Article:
The Jew of the 90's is aided in many ways by the technology of the times. Not only do we benefit from the conveniences, efficiencies, and medical advances that our technology provides for us, but we, Hashem's children, can benefit in other ways as well.
The Jew of the 90's is aided in many ways by the technology of the times. Not only do we benefit from the conveniences, efficiencies, and medical advances that our technology provides for us, but we, Hashem's children, can benefit in other ways as well. Technology often enables us to understand and appreciate certain concepts that would otherwise have been more difficult to grasp.
One example of this phenomenon is our fundamental understanding that one need not have one of the five senses stimulated in order to appreciate that something is present. We understand that there are forces such as gravity and magnetism which we cannot feel, see with the naked eye, smell, hear, or taste. We take for granted that the paper and ink from which we are now reading are not simply paper and ink. Thanks to science we understand that there are an incredible number of molecules, atoms, and atomic particles that really make up this seemingly simple piece of paper.
We understand then that within the physical world there are at least two types of existences. There are those realities which we can relate to through the use of the five senses, and then there are those realities which the five senses cannot possibly relate to without assistance. There is a third type of existence, totally different and yet interestingly similar to the first two. This third level consists of spiritual realities. These are existences which are as real and as factual as any physical existence. However, they are one step further removed from our senses. While some physical existences can be sensed unaided and others need some kind of tool, spiritual existences cannot be experienced without having a connection to the spiritual. As real as the spiritual is, we often find it very difficult to connect with it.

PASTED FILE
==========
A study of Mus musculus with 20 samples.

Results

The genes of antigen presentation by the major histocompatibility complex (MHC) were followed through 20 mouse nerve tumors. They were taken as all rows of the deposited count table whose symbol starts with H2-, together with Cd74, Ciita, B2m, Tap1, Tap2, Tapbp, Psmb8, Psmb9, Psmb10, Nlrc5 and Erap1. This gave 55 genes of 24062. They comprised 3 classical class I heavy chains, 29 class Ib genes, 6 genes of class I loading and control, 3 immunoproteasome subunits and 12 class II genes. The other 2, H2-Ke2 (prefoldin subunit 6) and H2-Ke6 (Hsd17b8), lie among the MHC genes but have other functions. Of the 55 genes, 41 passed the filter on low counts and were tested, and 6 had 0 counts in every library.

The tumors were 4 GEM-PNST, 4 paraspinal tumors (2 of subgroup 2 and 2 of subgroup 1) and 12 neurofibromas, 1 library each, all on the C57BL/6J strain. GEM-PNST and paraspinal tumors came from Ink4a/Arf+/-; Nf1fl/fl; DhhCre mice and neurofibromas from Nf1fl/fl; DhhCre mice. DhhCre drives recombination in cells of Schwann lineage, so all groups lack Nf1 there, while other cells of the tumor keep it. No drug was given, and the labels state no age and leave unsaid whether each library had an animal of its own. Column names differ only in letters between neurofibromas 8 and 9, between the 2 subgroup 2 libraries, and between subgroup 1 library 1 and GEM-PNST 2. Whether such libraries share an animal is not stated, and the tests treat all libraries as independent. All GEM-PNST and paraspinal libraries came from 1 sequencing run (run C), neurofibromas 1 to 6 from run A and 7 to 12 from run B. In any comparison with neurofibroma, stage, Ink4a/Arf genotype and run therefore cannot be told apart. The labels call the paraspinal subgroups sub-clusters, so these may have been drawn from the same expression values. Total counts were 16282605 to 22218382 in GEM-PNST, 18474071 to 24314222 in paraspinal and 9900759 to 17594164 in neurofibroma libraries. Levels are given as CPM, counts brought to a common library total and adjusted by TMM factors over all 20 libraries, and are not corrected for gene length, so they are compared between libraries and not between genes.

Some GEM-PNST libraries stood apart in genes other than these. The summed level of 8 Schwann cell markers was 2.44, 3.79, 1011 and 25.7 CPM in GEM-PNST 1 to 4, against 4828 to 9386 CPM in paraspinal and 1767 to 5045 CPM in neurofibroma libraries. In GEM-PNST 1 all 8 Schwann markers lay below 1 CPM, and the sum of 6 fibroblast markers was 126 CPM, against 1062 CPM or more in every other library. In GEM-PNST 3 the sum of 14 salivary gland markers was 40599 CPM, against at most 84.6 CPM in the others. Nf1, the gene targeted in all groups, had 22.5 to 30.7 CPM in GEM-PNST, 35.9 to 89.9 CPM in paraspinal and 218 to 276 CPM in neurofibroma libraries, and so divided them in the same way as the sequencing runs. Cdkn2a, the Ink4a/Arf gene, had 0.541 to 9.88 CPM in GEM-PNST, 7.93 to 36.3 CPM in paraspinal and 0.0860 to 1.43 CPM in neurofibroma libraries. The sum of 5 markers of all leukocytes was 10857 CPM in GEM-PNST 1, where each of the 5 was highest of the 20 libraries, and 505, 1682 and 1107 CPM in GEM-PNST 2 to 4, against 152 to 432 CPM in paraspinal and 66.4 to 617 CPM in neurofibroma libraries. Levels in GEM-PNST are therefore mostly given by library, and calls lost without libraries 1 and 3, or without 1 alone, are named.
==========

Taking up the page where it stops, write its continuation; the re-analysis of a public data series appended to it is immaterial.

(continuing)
"Command the Children of Israel that they shall expel from the camp everyone with tzaraat (a skin disease which results primarily from speaking slander), a zav (a person who had an emission), and everyone contaminated by a human corpse" (Numbers 5:2). All those people that have a specific level of spiritual impurity are required to leave the population center until such time that they have purified themselves. An impure person doesn't necessarily look different on the outside, nor does he act differently than a pure person. In all ways a pure person and his impure friend could appear to us exactly the same. In truth, they are not. Spiritual impurity, while not noticeable to the unlearned, untrained, and spiritually disconnected, is actually as real as any concrete physical existence. Like someone who is physically ill with a contagious disease, the spiritually contaminated person's presence in the camp is an impossibility. They must be removed in order to prevent an outbreak.
The message of this commandment is clear; we must appreciate that we cannot understand everything by simply looking at the surface. A much deeper understanding is necessary to really relate with the world within which we live. While physical realities may be detectable with technological tools, the only way to connect with spiritual realities is through studying the handbook given to us by our Creator. Hidden in our Torah lie the secrets upon which the entire world is based.
Mordechai Pollock, who grew up in Atlanta and is a graduate of Yeshiva Atlanta, is currently enrolled in a joint program with Ner Israel Rabbinical College and the University of Maryland, both in Baltimore.